The seasonal planetary movements, the circle of time…. round and round they go. This continuous spiral of transformation invites us to engage, and reflect on the natural interplay of the dynamic earth’s cycle. Here in Hawaii where the clocks never change, where few birds migrate, and the grass is mostly green all year long, seasonal changes are not so obvious, and we have to look for subtle signs of Spring. Personally, I rejoice when I see the cherry trees dressed in their spring blossom colors. I know then Spring has officially announced its pending arrival.
Another indicator that marks the change of seasons is a significant astronomical phenomenon. On March 20th the Sun will cross directly over the Earth’s equator, and the day and night are approximately the same length. This moment occurs twice a year at the first day of Spring which is known as the Vernal Equinox, and the first day of Autumn, which is known as the Autumnal Equinox.
Spring is coming, bursting forth from the hibernating cocoon of winter, bringing the birth and rebirth of all nature, and of ourselves. In this renewal we celebrate our ability to shift our consciousness back into a place of active creativity and productivity. It is time when we act on the plans laid in the winter, start a new project, or simply implement a new health regimen. The feeling-good-natural-instinct to “spring clean” our home and cleanse our physical body answers our yearning to free the stagnant energy, and clear out the unwanted cobwebs in our lives.
Reasons for the Seasons
We cannot escape our essential nature!
We are part of the seasonal cycles with their intricate balance and interdependence of growth, decay, death and regeneration. In the context of traditional Chinese medicine, each season carries a distinct energy which also manifests in the functioning of our bodies, minds, and spirits. Within this system of medicine, each season is associated with a particular element (wood, fire, water, earth, metal), a color, a climatic force, an emotion, a supportive food system, a set of energy pathways, organs, and physiological functions in the body. The five element system can guide us into a deeper understanding of who we are, and how we can be true to our own nature.
I recommend the book Between Heaven and Earth by Harriet Beinfield L.Ac and Efrem Korngold L.Ac., OMD for understanding the healing power of the five elements.
The Wood Element associated with Spring in TCM can be summarized in a poem that I wrote when I was learning Chinese Medicine more than 30 years ago.
“Be like a tree in pursuit of your aim. Stand firm within your roots in the ground and with newly sprouted leaves, reach for the sky, grip hard, move upward, move with the winds of heaven and begin to explore the world with the innocent eyes of a child”.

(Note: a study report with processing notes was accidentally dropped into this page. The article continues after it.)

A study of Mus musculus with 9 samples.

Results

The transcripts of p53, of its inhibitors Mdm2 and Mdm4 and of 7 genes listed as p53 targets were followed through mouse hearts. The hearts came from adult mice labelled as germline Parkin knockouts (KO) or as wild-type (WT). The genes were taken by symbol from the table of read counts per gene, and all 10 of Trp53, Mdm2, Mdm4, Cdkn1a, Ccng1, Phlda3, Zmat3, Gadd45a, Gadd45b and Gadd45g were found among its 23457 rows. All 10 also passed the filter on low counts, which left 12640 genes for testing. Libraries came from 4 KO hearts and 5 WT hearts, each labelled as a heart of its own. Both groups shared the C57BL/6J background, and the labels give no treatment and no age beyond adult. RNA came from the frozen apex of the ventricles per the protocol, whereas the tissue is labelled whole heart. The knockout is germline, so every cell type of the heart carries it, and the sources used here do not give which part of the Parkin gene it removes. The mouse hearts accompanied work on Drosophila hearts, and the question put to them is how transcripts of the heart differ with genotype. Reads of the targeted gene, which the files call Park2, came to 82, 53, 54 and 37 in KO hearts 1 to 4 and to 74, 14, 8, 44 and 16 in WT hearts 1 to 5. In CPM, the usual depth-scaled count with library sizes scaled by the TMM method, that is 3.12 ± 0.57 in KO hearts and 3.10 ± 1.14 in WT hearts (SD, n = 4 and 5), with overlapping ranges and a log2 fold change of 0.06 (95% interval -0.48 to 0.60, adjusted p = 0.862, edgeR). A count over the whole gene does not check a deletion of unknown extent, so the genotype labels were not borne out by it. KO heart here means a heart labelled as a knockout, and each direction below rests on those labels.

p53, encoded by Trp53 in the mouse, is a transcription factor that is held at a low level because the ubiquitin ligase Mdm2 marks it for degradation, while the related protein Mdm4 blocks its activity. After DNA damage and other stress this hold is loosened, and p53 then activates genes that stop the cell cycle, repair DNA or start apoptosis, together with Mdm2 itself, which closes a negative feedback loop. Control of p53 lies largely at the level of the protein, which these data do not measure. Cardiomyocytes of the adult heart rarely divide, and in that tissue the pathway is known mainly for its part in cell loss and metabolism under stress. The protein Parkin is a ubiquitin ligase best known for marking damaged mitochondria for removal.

TCM (Traditional Chinese Medicine) echoes the New Paradigm of Quantum Physics stating that the body is a matrix of earthly and heavenly forms intricately connected with each other and with the universe. Just as the microscope brings the invisible world into view, this thinking is a lens through which we can transcend the illusion of separation.
We human beings are a microcosm of nature. We are parts of an unbroken wholeness, a complete system unto itself. We are the body of the earth and the gardener of our body.
In this coming Spring, I invite you to be the gardener of your inner and outer garden by nurturing your growth in some areas, removing weeds in others, and attending to your needs, desires and dreams. The desired outcome of this Spring season is the release of negative patterns, and an active outpouring of productivity and creativity. Enjoy!
The energy of the Liver and Gallbladder increase in spring, therefore we are more prone to experience an increase in stress, anger, and anxiety during this season.
- Keep your stress level in check: Meditate. Rest 15 minutes several times a day. Laugh more often. Go to bed early. Take deeper breath and exhale fully. Spend time in nature.
- Exercise more frequently, and stretch to increase flexibility.
- Release stagnant emotions: Receive bodywork or acupuncture, write in your journal, kick a ball, cry, get angry appropriately etc…
- Do self-inquiry: If I tend to go off in a dozen directions at once – what can I do to keep myself focused on the task at hand? What is the worst thing that could happen to me if I lost control? I feel confined, trapped – what can I do to break free? I feel powerless – how can I take my power back?
- Diet and cleanse: Please refer to the Paradise Post February article from Marcel Fernandez N.D. and Cathrine Wingate L.Ac.
- Take herbs: Milk thistle, Hsiao Yao Wan (standard formula for congested liver qi), Dandelion, Burdock, Parsley, Stinging Nettle, and Chickweed.
- Nourish, enliven, and grow with the beauty of your dreams: Hug a tree, lie on the grass, and receive the illuminations of this earth body into every cell of your body.